Kaylin Culliver, Howard University News Service
Washington, D.C.’s Ward 1B ANC councilmembers, representatives, and residents gathered for its monthly meeting.
Meetings are held once a month to address and vote for regulations that affect the community. It started as a routine meeting but later transformed into a sparring match between residents and corporate representatives.
Commissioner Anita Norman began the meeting by introducing herself, and each of her eleven co-councilmembers. Norman then started reading minor requests made by the public regarding property regulations.
At first, it was a simple exchange over small issues like consideration of legal working hours.
Residents complained that certain construction companies in the community had been working outside of the allotted hours given to them and interrupting people’s sleeping ability.
However, the conversation soon turned into a shouting match when two issues concerning zoning were addressed.
Commissioner Norman read the request for an exemption in regards to height and lot occupancy requirements. A company, Madison Investments, applied to the board, asking for the approval to build a 240-unit apartment complex near a residential area in south Columbia Heights.
In the meeting, Pamela Towkin, who owns a business in an eighteen-unit building next to a lot of the new apartment building, challenged zoning commissioner, Jon Squicciarini.
“There’s no justification for an exemption of the rules that every other building is required to follow,” Towkin argued. “You’ve said nothing compelling enough to justify why we need 242 apartments and eight stories. They have to justify it. All the community is asking is that Madison Investments abide by the rules that have been in place for thirty years.”
Squicciarini responded, “Well, doesn’t your building have exemptions? Eight years ago your building received an exemption from lot requirements and off-street parking requirements. You’re taking advantage of [an] exemption yourself. I think you should direct your attention to things that matter.”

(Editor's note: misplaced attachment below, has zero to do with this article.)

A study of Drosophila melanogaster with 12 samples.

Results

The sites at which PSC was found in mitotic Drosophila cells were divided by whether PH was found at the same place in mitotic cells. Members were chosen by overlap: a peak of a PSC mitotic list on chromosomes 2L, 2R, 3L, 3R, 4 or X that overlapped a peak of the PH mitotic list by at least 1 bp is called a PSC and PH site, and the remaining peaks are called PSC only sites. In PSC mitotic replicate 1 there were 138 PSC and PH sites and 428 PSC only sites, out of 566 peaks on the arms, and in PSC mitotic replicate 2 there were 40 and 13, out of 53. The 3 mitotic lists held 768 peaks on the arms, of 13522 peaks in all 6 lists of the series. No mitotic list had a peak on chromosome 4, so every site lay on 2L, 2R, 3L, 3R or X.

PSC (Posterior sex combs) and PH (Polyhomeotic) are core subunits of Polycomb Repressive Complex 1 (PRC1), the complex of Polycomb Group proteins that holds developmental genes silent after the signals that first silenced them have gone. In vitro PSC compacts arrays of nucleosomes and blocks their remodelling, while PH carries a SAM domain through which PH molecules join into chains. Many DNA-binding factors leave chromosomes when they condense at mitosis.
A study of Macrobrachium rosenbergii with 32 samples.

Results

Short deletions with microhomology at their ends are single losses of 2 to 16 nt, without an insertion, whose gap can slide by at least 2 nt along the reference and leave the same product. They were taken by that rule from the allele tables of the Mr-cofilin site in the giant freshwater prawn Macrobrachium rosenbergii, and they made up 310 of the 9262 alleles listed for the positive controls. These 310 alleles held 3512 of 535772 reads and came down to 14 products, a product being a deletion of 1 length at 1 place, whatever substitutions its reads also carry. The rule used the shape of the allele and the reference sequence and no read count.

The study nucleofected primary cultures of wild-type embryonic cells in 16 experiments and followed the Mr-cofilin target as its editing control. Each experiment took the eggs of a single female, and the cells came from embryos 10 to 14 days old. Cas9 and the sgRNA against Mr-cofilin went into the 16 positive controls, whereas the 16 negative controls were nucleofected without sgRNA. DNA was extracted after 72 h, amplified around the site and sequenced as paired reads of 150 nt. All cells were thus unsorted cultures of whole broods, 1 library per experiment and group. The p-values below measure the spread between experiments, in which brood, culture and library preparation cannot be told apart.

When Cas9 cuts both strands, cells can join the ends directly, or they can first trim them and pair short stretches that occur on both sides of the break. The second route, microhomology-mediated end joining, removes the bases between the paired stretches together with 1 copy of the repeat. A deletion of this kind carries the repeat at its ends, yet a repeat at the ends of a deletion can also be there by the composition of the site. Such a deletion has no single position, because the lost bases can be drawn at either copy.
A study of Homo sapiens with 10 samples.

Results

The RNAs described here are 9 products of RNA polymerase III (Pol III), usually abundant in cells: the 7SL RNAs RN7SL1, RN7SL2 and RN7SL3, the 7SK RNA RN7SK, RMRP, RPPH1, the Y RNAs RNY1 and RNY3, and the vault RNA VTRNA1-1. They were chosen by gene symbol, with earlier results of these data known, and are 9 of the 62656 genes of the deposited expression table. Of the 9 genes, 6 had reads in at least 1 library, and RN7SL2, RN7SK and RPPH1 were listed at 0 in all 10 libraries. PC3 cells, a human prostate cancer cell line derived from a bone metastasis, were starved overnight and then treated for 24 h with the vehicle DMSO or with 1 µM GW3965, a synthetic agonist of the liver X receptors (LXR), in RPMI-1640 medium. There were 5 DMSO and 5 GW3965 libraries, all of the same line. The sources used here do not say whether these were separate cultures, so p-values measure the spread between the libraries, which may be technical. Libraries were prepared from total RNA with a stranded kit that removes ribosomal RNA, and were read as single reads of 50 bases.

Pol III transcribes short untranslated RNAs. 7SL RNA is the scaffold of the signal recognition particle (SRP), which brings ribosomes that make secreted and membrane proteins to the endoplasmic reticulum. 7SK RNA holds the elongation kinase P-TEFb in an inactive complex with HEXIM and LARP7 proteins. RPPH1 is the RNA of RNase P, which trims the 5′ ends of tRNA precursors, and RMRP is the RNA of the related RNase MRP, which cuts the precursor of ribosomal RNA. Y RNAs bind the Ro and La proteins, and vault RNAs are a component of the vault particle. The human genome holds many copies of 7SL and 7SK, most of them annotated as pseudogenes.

People in the room grew silent as tensions were high. Commissioner Norman read a request seeking an exemption about fencing requirements behind a residential property.
Resident Alison Weyes stood and said that extending her fence a few feet in front of her house wouldn’t affect her neighbors. She added that in building a fence in her backyard, her only goal is to ensure the protection of her future children while they are outside. Neighboring resident Andrea Feniak jumped out of her chair, yelling, “You just moved here! You don’t get to come to the neighborhood and mess up years of historic architecture.”
After constant arguing, Commissioner Norman was given the final verdict, and she voted in support of the fence extension.“I approved the fence because approving it allowed the residents to have an additional few feet to enclose their backyard for their future children and the dog they have. I just added a few feet; I didn’t give them anything that they weren’t entitled to”
Angered and frustrated, Feinak stormed out of the room.
“I’m so hurt by that verdict. It’s not personal. I don’t have an issue with my neighbor. It’s just that the fence is not compatible with Ledroit Park Historic District. It’s not compatible with the architecture,” she said.
“A wood fence, 6 ft high, at the street level, was not what was constructed in the 1800’s in Ledroit Park.”
“If one house begins to change rules, all the houses will change rules, and then there will be no history.”